Bible Study 20th October 2020 Handling Fear


Perfect Love - Handling Fear 


Psalm 56[a].  For the director of music. To the tune of “A Dove on Distant Oaks.” Of David. A miktam.[b] When the Philistines had seized him in Gath.


1 Be merciful to me, my God,

    for my enemies are in hot pursuit;

    all day long they press their attack.

2 My adversaries pursue me all day long;

    in their pride many are attacking me.

3 When I am afraid, I put my trust in you.

4     In God, whose word I praise—

in God I trust and am not afraid.

    What can mere mortals do to me?

5 All day long they twist my words;

    all their schemes are for my ruin.

6 They conspire, they lurk,

    they watch my steps,

    hoping to take my life.

7 Because of their wickedness do not[c] let them escape;

    in your anger, God, bring the nations down.

8 Record my misery;

    list my tears on your scroll[d]—

    are they not in your record?

9 Then my enemies will turn back

    when I call for help.

    By this I will know that God is for me.

10 In God, whose word I praise,

    in the Lord, whose word I praise—

11 in God I trust and am not afraid.

    What can man do to me?

12 I am under vows to you, my God;

    I will present my thank offerings to you.

13 For you have delivered me from death

    and my feet from stumbling,

that I may walk before God

    in the light of life.


a.Psalm 56:1 In Hebrew texts 56:1-13 is numbered 56:2-14.

b.Psalm 56:1 Title: Probably a literary or musical term

c.Psalm 56:7 Probable reading of the original Hebrew text; Masoretic Text does not have do not.

d.Psalm 56:8 Or misery; / put my tears in your wineskin



Key Verse: Psalm 56:3- When I am afraid, I put my trust in you. 


Psalm 56 is known as a “Prayer Song”. The majority of these prayer songs speak of deliverance from accusation and persecution (Pss 3-5, 7, 9-13, 17, 22, 25-27, 31, 35, 42, 43, 54-59, 62-64, 69-71, 86, 94, 109, 120, 139-43) and indeed, Psalm 56 also does this, in these words penned by King David, on the occasion  when the Philistines had seized him in Gath. He was understandably anxious and fearful as to what might happen to him and to those he loved! As these events unfolded, King David clearly felt that somehow he was at the center of a lethal plot and that his life was in danger . (56:5-6; All day long they twist my words; all their schemes are for my ruin. They conspire, they lurk, they watch my steps, hoping to take my life.). And yet, amidst this dark, fear induced, “night of the soul”, King David did not succumb to depression and defeat, but rather instead, turned, in hope, to the Lord for help.

Matthew Henry, the Bible commentator notes that in this Psalm 56, and indeed in many other psalms, that “even in times of the greatest trouble and distress David never ‘hung up his harp upon the willow-trees’, never unstrung it or laid it by; but that when his dangers and fears were greatest he was still in tune for singing God’s praises’.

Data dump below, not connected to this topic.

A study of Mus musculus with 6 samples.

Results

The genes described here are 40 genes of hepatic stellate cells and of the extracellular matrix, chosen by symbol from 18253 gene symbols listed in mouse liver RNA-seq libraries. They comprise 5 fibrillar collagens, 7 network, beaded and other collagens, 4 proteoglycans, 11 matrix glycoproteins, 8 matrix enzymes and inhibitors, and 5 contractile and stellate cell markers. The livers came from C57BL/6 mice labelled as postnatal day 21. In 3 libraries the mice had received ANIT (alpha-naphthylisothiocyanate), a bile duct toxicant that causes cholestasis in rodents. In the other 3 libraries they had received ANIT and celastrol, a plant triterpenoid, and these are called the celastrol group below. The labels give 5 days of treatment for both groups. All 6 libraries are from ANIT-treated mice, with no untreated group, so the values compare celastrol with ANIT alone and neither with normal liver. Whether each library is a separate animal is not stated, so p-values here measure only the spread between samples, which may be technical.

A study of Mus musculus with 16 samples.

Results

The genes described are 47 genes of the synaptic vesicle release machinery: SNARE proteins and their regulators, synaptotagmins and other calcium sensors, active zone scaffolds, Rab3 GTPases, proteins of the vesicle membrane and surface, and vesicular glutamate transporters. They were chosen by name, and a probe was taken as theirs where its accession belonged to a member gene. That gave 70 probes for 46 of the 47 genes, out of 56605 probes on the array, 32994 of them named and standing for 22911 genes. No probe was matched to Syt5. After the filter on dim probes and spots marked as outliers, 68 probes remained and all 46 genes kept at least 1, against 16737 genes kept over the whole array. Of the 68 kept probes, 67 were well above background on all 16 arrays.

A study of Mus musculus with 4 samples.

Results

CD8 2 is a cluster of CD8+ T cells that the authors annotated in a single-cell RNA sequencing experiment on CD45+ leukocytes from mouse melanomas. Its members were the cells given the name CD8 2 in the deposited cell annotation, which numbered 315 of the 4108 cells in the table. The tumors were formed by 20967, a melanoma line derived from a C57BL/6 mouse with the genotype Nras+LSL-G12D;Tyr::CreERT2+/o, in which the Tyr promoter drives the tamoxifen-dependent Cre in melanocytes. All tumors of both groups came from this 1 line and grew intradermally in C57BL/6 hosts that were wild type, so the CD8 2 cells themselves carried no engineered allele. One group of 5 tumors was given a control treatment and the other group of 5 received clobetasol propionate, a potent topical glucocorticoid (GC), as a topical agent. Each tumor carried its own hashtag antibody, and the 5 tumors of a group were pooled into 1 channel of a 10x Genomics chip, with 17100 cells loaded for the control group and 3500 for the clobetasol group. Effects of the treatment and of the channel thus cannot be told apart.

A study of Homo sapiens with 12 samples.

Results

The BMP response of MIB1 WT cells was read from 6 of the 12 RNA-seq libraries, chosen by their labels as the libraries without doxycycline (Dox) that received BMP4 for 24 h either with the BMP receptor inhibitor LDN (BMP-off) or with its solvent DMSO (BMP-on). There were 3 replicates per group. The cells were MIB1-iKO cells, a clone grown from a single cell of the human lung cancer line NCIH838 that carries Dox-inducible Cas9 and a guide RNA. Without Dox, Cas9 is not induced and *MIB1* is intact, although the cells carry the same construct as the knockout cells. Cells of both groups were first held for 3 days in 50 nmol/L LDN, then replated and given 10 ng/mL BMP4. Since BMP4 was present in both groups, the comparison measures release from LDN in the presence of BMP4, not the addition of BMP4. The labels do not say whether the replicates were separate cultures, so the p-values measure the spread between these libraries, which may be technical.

Subsequently these words of Psalm 56 have been sung and chanted from King David’s time onwards, until now, by both Jews (through Temple and a Synagogue worship) and by Christians alike (as part of church worship) to celebrate and rejoice in God, even during similar fearful and difficult times; to praise Him for what He has done and, in faith, to trust Him for what He will do in the future. 

This week as the latest Coronavirus restrictions take force in the United Kingdom, and the incidence of this awful illness seems, once again to be increasing, it is easy for us to feel fearful. These are indeed worrying times when fear can stalk our minds and hearts. Such fear can grip our lives, and, if we are not careful, can affect and dominate our outlook and behaviour. But, thank God, this does not have to be. 1 John 4:18 reminds us that knowing the Love of God in our lives makes all the difference for, “There is no fear in love. But perfect love drives out fear..”.

 Richard Dehaan, writing in this week's reflection “Finding Hope in the Psalms” addresses this topic of how people handle fear and stress. He writes, “Some years ago as I lay in a hospital bed, I overheard two women talking in a waiting room outside my door. Evidently the husband of one of them was in a critical condition. She had been under extreme stress and was greatly concerned about his recovery. She said to her friend, “You know, when you’re as worried as I am, you just have to smoke!”

That made me think about how people handle their fears. Some turn to alcohol, others turn to food and some to busyness. The psalmist gave us a better solution to the problem of fear. He said “When I am afraid, I put my trust in you” (Psalm 56:3). It’s tragic when we turn to something other than the Lord to fill the void or cover up the pain we’re feeling. 

If we have put our faith in God’s Son, Jesus Christ, then we can have absolute confidence that our Heavenly Father sees us in our trials and has promised us His protection. In times of distress, we can place our trust in the Lord. He wants us to call on Him so that He can encourage us with His presence and give us His peace. As you rest in the Lord and rely on Him today, you will be able to say with the psalmist, “When I am afraid, I put my trust in you.” “

These are indeed strange times, but God is with us in these and will dispel our fears as we turn in faith to Him at the beginning of each day. 




Points to ponder:

What false places of safety do you run to when you feel afraid or stressed?

How can you leave these places behind and place yourself in the secure hands of Jesus?



Jesus, forgive me for running to anything but You in search of life and happiness. I turn away from those things now, and turn my life over to You.